In some regions, a little funding can make a big difference. Julia Hinde reports on two units in Asia doing ground-breaking work
The Wellcome Trust may be Britain's largest and most influential medical research charity, but today Henry Wellcome's 1936 legacy is having an effect far further afield than the shores of his adopted homeland.
When not funding UK university laboratories or British-based researchers, part of the trust's spending - some Pounds 400 million each year - is being spent in 30 other countries, including Australia, Brazil and Vietnam.
For the past two decades, the trust has supported a research centre in Bangkok, Thailand, as part of its South-east Asian Overseas Unit, with a second base opened more recently in Ho Chi Minh City, Vietnam. The two units study the tropical diseases that cast a shadow over much of the developing world.
"We investigate diseases that are important causes of death and debility," says Nick White, who has been director of the trust's South-east Asian operations for the past 13 years. "What we study has to be at least regionally important and, hopefully, will lead to some practical, tangible health benefits. Much medical research nowadays does not do that.
"If you read The Lancet or Science of ten years ago, how many of those things have ever transferred into benefits? A lot of what is called medical research doesn't yield clinical benefits," he says. "This is partly because public health in affluent countries is so good now that most people live full and healthy lives and the opportunity for significant medical advances is smaller. Not so of research in less well developed countries where huge and potentially soluble medical problems afflict much of the population. In this context, there are opportunities to make a difference."
Over the past two decades, the Wellcome Mahidol University Oxford Tropical Medicine Research Programme has spent considerable effort on finding new and achievable ways to treat malaria. Its name reflects the fact that the unit is a link-up between Bangkok's Mahidol University and Oxford University in the UK, though funding is solely from the Wellcome Trust.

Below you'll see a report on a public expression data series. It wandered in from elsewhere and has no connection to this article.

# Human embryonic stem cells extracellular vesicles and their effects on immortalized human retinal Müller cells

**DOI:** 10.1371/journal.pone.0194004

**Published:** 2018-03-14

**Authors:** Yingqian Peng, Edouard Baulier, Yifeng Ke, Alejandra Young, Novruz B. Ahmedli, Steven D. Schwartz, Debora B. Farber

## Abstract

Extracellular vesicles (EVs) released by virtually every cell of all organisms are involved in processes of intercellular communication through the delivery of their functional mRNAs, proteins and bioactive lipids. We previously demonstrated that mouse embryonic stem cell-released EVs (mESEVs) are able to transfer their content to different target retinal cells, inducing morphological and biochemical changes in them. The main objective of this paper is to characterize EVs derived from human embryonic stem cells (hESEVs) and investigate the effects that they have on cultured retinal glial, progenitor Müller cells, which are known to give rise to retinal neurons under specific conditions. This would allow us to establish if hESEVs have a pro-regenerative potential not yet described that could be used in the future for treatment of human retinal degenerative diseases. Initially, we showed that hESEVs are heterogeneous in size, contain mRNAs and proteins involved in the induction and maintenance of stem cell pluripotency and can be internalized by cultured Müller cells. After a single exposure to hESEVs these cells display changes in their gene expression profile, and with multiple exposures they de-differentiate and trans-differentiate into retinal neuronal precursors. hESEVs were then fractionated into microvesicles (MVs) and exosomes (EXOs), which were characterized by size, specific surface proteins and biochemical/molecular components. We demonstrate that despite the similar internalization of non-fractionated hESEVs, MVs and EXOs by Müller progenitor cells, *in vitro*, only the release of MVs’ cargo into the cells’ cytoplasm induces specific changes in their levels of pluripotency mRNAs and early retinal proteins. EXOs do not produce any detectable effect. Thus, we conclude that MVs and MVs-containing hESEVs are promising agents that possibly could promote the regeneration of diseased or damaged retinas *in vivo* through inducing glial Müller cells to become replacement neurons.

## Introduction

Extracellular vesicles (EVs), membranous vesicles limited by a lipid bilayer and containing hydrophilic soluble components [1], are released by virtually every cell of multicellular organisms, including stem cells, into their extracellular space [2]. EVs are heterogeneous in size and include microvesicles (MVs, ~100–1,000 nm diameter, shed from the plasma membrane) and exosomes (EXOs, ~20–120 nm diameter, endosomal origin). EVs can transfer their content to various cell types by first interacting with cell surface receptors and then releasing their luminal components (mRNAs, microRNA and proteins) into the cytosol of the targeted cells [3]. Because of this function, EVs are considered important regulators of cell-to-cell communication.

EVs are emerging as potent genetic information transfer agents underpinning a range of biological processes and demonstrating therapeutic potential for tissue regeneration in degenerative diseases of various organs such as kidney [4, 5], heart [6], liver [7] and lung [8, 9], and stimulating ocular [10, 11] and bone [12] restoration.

Thailand is home both to some of the most drug-resistant malaria in the world and, along its northwest borders with Burma, to refugee camps. Housing some 120,000 displaced people of Karen ethnic origin, these are ideal transmission grounds for malaria.
The Wellcome researchers there are pioneering new malarial treatments, including the use of combinations of drugs, as opposed to single treatments, to combat drug resistance.
"Drug resistance comes about by mutations in the malarial parasites' DNA," explains Professor White. "Already the popular and cheap drug chloroquine is no longer effective against malaria, and other alternatives are both scarce and losing their effectiveness. Current treatment practices have been based on using first one drug then, if that doesn't work, trying another. However, recent studies here indicate that a better approach would be to use a combination of drugs right from the start. We have been one of the leading groups developing this new strategy for dealing with malaria."
The Thai-based team has also pioneered the use of qinghaosu, a herbal remedy employed by the Chinese for centuries, as part of a multi-drug approach to treating malaria. For the past eight years, they have been trialling extracts. "The real key has been the Chinese drugs," says Professor White. "We were the first outside China to push them clinically." Not only have the extracts, used in combination with other malaria treatments, been effective in combating multi drug-resistant malaria but, unlike many treatments, their effectiveness has not declined with time.
The treatment programmes have been so successful in certain geographic areas that a trial of a local cosmetic, impregnated by the researchers with insect repellent to see if its use cut malarial infection in pregnant women, has been inconclusive. The number of mosquito bites was certainly reduced, but the reduction of malaria in the test area by the qinghaosu combinations was so profound that no conclusions could be reached on the ingenious use of the cosmetic as a malaria prevention.
"The only way to study malaria is to live in the area," says Professor White of his team's attitude. "You have to take a holistic approach. It is no good devising a strategy that's unaffordable. It leaves you with an approach which might not be the most effective, but it is the most applicable and affordable in the local circumstances."
He adds that in many tropical countries, there is less than US$10 per person per year to spend on health. "In tropical countries, more than US$1 per person on malaria treatment is not acceptable."
As someone with 20 years' experience of tropical medicine, Professor White sees the growth of drug resistance and Aids as the main infectious disease threats for the new millennium, and does not discount other health threats in the tropics, such as smoking and traffic accidents. He believes man has become a little complacent, and warns: "We now face an uncertain future, with bacteria evolving resistance mechanisms faster than new classes of antibiotics are being discovered."
The units' research covers far more than just malaria. Also under their microscope are infantile beri beri, melioidosis, typhoid, tetanus, diphtheria, Japanese encephalitus, dengue and bacterial meningitis.